The normal way is to use a double cooker connection unit so you can have two separate supplies.
The rules allow one to have a trip at the destination if no more than 3 meters of cable and unlikely to be damaged, however there is normally no fuse within the units so in theory should have cable able to take current of the trip in the consumer unit, however it is unlikely you can get the 4 or 6 mm cable into the terminals of an oven, and oven not normally over 20 amp so although not strictly within regulations, I think most will use 2.5 mm cable.
The hob however may go over 20 amp, so you need to read the spec for the hob, I note my mothers old hob said 32 amp supply so that would need at least 4 mm cable and normally thermal setting cable is used not thermal plastic (90 degs C not 70 degs C) also when changing you need to comply with current regulations, so if a RCD is not fitted it will need an RCD fitting.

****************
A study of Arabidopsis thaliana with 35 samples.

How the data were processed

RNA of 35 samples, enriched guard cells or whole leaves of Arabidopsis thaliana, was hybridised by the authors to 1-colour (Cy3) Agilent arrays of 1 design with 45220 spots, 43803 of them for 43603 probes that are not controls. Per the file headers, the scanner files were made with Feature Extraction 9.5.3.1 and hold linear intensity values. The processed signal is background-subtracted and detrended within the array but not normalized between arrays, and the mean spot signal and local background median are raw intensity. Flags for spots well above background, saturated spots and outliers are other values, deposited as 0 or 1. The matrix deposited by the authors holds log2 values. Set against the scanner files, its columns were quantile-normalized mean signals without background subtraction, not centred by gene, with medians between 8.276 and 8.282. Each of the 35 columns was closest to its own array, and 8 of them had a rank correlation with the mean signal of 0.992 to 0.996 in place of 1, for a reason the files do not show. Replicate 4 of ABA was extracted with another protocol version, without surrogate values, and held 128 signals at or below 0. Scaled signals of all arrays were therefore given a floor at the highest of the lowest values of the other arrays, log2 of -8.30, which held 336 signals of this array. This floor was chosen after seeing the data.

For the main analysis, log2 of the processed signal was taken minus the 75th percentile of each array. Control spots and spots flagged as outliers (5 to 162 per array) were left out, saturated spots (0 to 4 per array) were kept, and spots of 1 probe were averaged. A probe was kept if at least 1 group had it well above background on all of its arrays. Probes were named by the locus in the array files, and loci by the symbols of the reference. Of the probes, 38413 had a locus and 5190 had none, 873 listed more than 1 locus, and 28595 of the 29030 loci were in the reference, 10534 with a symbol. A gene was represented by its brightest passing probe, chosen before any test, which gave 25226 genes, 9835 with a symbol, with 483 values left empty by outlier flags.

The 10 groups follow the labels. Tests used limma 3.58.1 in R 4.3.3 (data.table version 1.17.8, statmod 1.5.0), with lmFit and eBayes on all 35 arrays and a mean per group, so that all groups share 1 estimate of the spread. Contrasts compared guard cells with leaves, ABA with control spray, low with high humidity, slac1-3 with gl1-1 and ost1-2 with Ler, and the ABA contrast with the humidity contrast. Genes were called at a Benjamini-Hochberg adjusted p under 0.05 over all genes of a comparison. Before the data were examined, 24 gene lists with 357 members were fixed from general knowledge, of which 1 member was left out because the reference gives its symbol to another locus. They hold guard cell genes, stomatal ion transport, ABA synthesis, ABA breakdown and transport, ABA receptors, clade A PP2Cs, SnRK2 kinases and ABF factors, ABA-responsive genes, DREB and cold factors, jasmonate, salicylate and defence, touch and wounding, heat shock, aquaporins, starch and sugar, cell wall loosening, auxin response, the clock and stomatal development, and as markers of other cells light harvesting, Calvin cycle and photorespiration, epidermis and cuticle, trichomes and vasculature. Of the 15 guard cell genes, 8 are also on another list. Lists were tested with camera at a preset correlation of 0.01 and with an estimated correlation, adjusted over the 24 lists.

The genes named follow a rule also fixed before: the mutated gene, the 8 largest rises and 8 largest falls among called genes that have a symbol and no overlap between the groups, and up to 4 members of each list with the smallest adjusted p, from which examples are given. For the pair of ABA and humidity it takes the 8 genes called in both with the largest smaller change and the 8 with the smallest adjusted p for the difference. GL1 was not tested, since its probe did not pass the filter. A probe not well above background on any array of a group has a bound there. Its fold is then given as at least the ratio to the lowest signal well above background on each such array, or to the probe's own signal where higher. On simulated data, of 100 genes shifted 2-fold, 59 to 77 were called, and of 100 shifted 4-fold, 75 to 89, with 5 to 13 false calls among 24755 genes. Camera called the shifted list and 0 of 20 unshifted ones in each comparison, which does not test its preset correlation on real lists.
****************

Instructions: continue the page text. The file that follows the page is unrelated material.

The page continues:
It is possible if there is free ventilation that you may get away with under sized cable, or that a special cable is fitted able to stand a higher heat, but normally we consider 2.5 mm good for 25 amp max, so read the book which should come with the hob.
The cooker itself came prewired with a 2.5mm cable. the induction hob came and specified a 2.5mm cable to be used also.
The unit would be less than 3 metre cable on it from the fuse/cooker+hob. This is currently a 6mm cable to the Cooker switch and then 6mm cable into a block terminal. My thought was would it be sufficient to wire into this block with the cable from the hob and the cable from the cooker.